Thousands of visitors will be given a rare view inside some of Perthshire’s most historically significant buildings during Doors Open Day 2010 next month.
For one weekend only, dozens of buildings will allow public access and a range of fascinating guided tours.
Among the places taking part is Perth’s famed Fair Maid’s House on North Port. The oldest secular building in the town, it is thought to date from the late 15th century.
Located near the Blackfriars monastery, it was purchased in 1629 by the Glover Incorporation.
In 1828 Sir Walter Scott published his famous romance The Fair Maid of Perth with the fictional heroine of the story, Catherine Glover, said to have lived in the old Glover’s Hall.
In 1893 the building was substantially altered to conform to Scott’s story.
Over a century on, a new chapter is being written in the house’s long history as it along with the adjoining Lord John Murray’s House is being renovated by the Royal Scottish Geographical Society (RSGS) as a geographical information and education centre.
More details about the renovation plans will be on display during next month’s Doors Open Day event.
Also taking part is nearby St John’s Kirk in Perth town centre. A church has stood on the site since the early 12th century, giving rise to Perth’s alternative name of St John’s Toun.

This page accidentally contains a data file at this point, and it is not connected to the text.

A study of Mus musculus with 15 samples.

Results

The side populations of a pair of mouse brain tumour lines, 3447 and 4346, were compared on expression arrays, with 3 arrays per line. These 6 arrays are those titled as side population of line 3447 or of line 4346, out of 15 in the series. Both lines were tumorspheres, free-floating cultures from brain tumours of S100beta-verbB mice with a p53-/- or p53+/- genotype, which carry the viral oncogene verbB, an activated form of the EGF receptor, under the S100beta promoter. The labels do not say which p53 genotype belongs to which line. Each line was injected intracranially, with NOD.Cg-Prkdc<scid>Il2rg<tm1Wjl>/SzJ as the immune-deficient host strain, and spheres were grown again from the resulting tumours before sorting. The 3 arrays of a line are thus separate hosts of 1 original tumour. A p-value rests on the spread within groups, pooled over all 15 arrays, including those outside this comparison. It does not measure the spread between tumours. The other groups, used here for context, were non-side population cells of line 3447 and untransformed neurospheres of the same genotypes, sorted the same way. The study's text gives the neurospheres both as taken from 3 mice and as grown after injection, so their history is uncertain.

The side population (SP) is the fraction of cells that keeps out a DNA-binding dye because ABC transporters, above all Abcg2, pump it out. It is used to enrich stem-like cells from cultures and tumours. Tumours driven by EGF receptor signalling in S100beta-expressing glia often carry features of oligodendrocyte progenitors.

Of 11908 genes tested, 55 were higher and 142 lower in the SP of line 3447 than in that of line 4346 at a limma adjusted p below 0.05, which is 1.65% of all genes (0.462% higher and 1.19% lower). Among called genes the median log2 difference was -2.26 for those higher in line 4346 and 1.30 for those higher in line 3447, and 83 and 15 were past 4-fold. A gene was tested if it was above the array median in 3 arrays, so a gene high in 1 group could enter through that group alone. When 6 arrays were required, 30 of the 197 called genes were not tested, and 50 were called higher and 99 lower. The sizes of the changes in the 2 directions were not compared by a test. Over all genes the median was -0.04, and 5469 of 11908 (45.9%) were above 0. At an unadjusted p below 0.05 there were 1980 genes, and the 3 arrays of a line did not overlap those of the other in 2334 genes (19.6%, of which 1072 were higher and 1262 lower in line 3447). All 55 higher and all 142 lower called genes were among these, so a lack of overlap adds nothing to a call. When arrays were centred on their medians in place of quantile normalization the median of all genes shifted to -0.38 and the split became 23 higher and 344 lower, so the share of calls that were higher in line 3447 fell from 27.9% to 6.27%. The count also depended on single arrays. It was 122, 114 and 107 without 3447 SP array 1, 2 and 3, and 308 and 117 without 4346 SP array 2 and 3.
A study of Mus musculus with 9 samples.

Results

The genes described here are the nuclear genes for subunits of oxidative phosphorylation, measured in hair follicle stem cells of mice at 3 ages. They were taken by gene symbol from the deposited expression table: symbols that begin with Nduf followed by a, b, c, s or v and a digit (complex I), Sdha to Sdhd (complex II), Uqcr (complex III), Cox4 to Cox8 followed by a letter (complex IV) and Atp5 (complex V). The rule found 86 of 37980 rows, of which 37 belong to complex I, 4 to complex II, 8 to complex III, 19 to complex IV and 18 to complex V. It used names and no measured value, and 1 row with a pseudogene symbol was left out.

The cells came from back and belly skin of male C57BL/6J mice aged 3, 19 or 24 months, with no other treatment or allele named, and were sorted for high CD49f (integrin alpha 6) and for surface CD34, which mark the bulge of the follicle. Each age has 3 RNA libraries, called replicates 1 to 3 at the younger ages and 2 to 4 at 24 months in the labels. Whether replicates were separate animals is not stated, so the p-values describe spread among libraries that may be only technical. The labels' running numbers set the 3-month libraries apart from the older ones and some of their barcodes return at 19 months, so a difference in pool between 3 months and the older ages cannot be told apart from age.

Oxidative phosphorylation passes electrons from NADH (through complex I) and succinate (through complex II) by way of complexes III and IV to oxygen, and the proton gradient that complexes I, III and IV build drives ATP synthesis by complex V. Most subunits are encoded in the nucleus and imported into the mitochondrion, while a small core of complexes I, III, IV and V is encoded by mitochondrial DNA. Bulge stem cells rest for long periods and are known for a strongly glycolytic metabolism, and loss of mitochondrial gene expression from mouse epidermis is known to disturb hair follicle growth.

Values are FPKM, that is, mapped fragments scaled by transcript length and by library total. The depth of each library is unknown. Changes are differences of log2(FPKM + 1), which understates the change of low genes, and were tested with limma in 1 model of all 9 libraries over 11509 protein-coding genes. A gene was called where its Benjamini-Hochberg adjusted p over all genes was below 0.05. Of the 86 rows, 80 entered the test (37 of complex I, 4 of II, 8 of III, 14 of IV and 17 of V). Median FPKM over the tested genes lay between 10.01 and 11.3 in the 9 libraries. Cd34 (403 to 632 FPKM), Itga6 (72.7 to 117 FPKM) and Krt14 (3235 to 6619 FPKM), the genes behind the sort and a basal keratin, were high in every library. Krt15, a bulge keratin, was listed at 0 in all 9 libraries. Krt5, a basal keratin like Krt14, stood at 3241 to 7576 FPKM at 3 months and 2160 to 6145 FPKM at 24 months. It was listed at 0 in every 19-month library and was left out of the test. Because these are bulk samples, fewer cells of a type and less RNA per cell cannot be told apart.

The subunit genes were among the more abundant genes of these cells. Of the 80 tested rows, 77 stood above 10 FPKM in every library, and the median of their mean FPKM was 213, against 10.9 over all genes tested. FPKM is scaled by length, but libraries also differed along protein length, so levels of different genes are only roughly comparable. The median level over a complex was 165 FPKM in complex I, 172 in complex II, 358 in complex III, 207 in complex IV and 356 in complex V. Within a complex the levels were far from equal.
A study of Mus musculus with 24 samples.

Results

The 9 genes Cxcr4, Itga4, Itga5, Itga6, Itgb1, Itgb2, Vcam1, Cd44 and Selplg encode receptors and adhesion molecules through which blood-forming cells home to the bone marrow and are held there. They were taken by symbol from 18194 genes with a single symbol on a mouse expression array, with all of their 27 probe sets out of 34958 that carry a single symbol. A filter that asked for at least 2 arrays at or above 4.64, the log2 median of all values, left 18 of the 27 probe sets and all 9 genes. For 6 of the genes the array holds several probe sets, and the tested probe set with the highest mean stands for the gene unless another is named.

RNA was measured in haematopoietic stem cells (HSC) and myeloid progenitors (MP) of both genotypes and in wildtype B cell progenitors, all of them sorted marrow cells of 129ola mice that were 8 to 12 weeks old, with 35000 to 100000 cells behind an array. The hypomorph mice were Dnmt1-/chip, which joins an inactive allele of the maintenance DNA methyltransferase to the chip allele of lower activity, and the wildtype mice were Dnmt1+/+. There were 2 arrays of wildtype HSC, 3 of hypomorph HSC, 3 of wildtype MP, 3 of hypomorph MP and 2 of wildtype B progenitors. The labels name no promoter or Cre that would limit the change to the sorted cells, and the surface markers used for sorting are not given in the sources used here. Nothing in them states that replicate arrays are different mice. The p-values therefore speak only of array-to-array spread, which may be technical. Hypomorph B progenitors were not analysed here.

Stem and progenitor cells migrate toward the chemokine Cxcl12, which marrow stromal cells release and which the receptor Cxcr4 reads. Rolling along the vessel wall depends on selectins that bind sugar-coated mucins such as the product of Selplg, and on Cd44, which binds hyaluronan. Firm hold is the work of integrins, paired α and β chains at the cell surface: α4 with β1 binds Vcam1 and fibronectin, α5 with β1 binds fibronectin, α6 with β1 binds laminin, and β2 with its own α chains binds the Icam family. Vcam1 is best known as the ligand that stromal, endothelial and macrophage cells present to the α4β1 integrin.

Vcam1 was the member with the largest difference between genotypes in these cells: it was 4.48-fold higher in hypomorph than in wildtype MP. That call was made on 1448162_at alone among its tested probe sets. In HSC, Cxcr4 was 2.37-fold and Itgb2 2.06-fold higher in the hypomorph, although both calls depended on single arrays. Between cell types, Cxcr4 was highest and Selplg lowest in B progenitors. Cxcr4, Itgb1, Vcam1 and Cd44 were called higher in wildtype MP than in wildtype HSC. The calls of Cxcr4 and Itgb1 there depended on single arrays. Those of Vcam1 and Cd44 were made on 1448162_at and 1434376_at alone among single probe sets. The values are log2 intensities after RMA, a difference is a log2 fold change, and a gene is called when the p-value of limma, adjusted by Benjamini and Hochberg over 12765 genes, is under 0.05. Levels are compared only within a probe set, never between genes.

In 1559 John Knox preached his sermon on the “sin of idolatry” which sparked the Reformation in Scotland.
The kirk was restored by Sir Robert Lorimer in 1926 and is now undergoing a £2.8 million renovation and visitors will be able to study architects’ plans.
But Doors Open Day is not all about the area’s highest-profile buildings.
Also featuring will be Bow Cottage in Coupar Angus, where craft specialists Maggie Langelaan and Angela Porchez will be on hand to talk about historic spinning and weaving.
Doors Open Day set to run on September 25 and 26 is organised and funded by the Perth and Kinross Heritage Trust.
“The event gives families the opportunity to visit historic buildings not usually open to the public,” a spokesman said. “There are guided tours, walks, exhibitions and special events at many of the buildings.”